While I like Kevin Spacey as a film actor – and admire much of the work he has done with the Old Vic since he took over as Artistic Director – I’ve never been enamoured of him as a stage performer. On stage he can be overly mannered, over keen to impress, to the point that you’re never quite able to forget you’re watching Kevin Spacey in the act of Acting. Perversely, this makes him an ideal fit for Richard III – who is, of course, Shakespeare’s biggest ham. Not content with playing false face to his enemies, Richard’s twisted ego wants the validation of witnesses: genius craves an audience. One of the joys of the play is the fact that we are made complicit in his schemes; the constant “see what I did there?” asides make us his accomplices. One of the clearest indications of Richard’s descent into evil is that he no longer seeks to take the audience with him.
Reunited here with American Beauty director Sam Mendes for the final Bridge Project, Spacey expertly captures this side of the hunchback king. In a tremendously physical performance, his Richard is a sly, snarling trickster who takes great pleasure in his own hypocrisy, and almost can’t quite hide his disbelief that others are buying his humble foot-soldier act. Spacey is supported by the kind of top-calibre cast a production of this magnitude can secure. Hadyn Gwynne excels as Elizabeth, whose slide from secure Queen to devastated widow and mourning mother is etched on her face: her confrontation with King Richard, when he seeks to woo her daughter, packs real emotional punch, and the fact that he believes even for one second that she would hand over her daughter to such a man is a clear indicator that his once astute judgement is failing. The other standout is Chuk Iwuji’s Buckingham, all smiling, slimy career politician, realising too late just how far Richard is willing to go. As Anne, Annabel Scholey is slightly less successful given the difficulty of the role, but her sexually charged wooing scene with Richard is a high point, and she ably charts Anne’s journey from despairing widow to catatonic wife. Hastings is played as a suitably bluff northerner by Jack Ellis, oblivious of danger till the very moment of his downfall, and Jeremy Bobb gives us a suitably sinister Catesby, as a dead-eyed secret service agent to Richard’s president-King.
The contemporary setting works well with Mendes’ transatlantic cast and the staging is sublime, filled with the kind of great stylistic touches one would expect from a director with such a grasp of what works visually. Tom Piper’s design is beautifully sparse: a room where all the walls are doors reflects the unsettling uncertainty of the times – you are never sure what is coming next and from where. In the second half of the play, this transforms into a tunnel leading to blackness, an echo of the kingdom’s descent into darkness. The production of full of these pleasing touches, including a scene where the citizens are played as commuters on a train; Mendes decision to fill the auditorium with actors to cheer on Buckingham’s plea for Richard to take the crown adds a thrilling immediacy to the action. Richard’s off-stage acceptance of this plea is delivered via a video feed to a big screen, something that has drawn some criticism, but it works well: Spacey’s false piety is writ large on his face.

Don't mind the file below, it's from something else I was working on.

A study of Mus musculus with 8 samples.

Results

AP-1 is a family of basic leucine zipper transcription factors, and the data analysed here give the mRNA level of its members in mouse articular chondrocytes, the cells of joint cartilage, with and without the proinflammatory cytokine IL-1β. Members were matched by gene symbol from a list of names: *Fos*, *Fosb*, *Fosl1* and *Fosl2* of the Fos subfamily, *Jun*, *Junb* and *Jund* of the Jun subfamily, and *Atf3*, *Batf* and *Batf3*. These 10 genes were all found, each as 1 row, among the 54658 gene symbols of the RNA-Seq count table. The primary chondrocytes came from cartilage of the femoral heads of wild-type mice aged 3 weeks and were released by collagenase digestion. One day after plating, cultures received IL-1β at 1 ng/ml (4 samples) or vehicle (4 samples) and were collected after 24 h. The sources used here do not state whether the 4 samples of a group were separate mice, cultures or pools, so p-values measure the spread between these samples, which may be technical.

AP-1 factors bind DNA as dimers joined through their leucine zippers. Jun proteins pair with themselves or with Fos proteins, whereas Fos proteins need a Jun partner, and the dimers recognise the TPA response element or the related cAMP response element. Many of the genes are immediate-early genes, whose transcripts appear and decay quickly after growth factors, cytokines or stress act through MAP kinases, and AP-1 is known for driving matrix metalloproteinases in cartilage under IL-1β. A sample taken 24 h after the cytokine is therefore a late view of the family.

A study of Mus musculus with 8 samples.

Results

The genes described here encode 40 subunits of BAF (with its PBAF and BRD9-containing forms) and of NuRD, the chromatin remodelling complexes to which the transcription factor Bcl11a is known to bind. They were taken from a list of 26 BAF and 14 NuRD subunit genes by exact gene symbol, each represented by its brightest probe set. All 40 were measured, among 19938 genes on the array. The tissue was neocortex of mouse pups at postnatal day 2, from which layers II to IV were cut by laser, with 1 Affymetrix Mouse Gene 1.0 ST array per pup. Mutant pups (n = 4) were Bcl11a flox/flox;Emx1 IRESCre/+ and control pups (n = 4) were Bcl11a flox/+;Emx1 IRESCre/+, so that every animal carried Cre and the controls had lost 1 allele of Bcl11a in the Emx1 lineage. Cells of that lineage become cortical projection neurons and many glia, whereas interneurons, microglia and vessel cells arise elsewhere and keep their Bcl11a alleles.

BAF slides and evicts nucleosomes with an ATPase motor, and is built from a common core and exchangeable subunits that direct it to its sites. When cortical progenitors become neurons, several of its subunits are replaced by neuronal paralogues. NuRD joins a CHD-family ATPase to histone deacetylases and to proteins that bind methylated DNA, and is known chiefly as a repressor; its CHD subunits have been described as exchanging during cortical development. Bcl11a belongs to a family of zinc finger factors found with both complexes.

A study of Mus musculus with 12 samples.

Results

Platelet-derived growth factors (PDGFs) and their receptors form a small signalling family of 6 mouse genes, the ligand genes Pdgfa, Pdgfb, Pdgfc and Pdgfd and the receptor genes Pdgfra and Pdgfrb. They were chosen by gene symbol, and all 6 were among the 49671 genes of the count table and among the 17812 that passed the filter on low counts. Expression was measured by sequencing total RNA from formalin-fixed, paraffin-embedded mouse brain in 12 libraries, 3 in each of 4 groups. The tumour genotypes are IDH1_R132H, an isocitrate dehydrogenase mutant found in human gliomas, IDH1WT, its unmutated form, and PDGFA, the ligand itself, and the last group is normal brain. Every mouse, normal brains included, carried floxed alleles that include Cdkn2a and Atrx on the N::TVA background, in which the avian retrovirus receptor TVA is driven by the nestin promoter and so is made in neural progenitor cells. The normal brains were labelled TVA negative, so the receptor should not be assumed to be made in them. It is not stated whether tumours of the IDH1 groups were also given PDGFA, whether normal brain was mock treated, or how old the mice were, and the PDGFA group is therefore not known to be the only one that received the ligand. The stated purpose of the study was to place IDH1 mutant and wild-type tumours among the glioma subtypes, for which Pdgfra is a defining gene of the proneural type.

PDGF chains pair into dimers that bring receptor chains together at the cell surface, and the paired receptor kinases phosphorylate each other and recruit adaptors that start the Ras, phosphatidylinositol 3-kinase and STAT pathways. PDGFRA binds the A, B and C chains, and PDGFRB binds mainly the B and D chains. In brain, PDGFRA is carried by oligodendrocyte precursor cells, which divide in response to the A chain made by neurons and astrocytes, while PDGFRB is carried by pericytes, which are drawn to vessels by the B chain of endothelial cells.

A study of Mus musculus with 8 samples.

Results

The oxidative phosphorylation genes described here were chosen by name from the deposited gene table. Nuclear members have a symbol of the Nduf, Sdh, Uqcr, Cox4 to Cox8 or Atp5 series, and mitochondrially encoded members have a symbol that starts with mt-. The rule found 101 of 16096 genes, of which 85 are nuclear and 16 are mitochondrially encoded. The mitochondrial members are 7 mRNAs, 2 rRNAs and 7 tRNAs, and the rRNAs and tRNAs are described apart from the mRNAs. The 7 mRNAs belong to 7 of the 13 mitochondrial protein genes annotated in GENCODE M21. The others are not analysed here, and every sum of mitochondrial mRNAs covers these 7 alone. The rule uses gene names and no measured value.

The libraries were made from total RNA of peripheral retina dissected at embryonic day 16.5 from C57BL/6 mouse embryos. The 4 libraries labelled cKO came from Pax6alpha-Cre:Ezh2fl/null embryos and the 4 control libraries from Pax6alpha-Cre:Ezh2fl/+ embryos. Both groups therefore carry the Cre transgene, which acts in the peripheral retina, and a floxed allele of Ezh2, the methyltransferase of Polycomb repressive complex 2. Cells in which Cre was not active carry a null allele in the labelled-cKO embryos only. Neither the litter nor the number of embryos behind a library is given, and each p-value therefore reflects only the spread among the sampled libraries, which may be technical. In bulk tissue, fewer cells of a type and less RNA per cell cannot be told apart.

There are flaws. Gemma Jones’ performance as Queen Margaret is a miscalculation;she comes across as comedy madwoman rather than someone haunted by the spectre of sins past, and the decision to have her reappear on stage when her prophecies are fulfilled is unnecessarily heavy handed. As Richmond, Nathan Darrow provides a suitably strapping contrast to Richard’s deformity, but while he looks like a male model, his delivery is at times awkward and the one time in the production when hearing Shakespeare’s lines delivered with an American accent really jars.
Then there is Richard himself. For all of Spacey’s talent and an undeniably crowd pleasing presence, there is something lacking in his Richard. He gets plenty of laughs, and certainly ramps up the menace, but his performance feels at times oddly superficial. In the earlier acts, especially, we should be getting flashes of Richard’s true inner darkness peeking through his gleeful malevolence, hinting at what is to come, but it feels like this is just another act, another part of his performance. This means his eventual meltdown when it comes feels like slightly too little, slightly too late: a sudden collapse rather than a gradual unravelling.